Waterguide - Softening units
How do softening units work?
Softening units exchange the hardeners of calcium and magnesium ions for sodium ions using a strongly acidic exchange resin. So instead of hardeners such as calcium hydrogen carbonate, you are left with sodium salts that dissolve more easily, such as sodium hydrogen carbonate. As a result, the water is virtually completely free of hardeners, and has a residual hardness of less than 0.1 °dH.
Only ions are replaced during the softening process, with the salinity of the water changing only marginally.
Different types of softening units
Time-controlled softening units are usually designed as single units. The regeneration process takes place at a specified point in time when soft water is not required.
Volume-controlled softening units take maximum advantage of the resin capacity. A water meter measures the volume of soft water that flows through the softener and sends this information to a controller. The controller automatically initiates the regeneration process once a specific, predefined volume of soft water has been measured.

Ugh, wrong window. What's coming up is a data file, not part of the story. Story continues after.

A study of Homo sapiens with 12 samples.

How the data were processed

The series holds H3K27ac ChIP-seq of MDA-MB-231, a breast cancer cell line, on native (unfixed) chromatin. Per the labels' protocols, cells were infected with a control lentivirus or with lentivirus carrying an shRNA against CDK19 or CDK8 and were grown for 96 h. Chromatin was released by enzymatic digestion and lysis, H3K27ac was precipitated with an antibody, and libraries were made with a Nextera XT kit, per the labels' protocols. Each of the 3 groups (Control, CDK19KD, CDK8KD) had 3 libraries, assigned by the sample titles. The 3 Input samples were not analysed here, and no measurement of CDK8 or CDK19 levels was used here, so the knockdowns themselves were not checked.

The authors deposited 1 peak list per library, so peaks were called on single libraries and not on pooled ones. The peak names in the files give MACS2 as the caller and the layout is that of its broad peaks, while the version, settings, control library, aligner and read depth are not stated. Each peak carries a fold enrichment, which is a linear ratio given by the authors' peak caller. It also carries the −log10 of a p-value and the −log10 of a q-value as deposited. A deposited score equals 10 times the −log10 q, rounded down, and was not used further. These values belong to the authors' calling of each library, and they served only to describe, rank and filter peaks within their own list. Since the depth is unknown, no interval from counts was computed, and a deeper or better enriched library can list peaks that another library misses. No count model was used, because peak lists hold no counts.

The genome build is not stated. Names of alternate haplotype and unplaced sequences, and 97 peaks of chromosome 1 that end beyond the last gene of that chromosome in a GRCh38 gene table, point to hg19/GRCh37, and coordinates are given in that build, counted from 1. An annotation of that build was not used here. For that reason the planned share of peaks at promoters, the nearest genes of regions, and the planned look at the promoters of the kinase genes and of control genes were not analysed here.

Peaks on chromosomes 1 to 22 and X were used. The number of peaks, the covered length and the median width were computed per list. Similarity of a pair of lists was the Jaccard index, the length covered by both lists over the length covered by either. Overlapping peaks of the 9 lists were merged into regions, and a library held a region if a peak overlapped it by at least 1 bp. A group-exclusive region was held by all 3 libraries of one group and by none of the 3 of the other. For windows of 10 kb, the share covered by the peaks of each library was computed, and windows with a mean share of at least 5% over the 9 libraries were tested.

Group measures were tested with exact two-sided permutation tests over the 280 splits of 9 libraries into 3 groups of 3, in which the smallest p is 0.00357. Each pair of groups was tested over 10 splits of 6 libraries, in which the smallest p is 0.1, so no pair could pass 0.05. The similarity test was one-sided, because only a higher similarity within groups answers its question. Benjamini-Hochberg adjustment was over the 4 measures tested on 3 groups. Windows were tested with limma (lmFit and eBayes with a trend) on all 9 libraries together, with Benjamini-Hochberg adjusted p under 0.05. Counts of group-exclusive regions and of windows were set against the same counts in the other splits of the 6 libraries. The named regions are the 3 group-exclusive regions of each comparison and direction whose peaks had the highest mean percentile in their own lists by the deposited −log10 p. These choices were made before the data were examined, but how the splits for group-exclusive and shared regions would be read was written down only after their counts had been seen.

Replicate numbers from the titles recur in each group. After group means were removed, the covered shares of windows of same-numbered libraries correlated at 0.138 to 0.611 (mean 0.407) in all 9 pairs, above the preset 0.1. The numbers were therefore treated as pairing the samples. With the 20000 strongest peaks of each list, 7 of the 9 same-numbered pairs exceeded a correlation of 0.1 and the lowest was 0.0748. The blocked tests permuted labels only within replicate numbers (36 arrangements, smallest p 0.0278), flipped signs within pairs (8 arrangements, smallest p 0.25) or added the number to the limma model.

Quality-controlled softening units offer optimum operational reliability, as they operate independently of water quality and soft water consumption. As the chemical state of the exchange resin is measured continuously, the regeneration process is triggered as soon as the resin has been exhausted.
Advantages of Herco softening units
Herco softening units are designed based on how they will be used by the end user. Performance-wise, they can be scaled up to any level – there is no threshold. Herco will always provide the most efficient solution – be that a time-controlled standard single unit or a complex industrial quality-controlled softening system.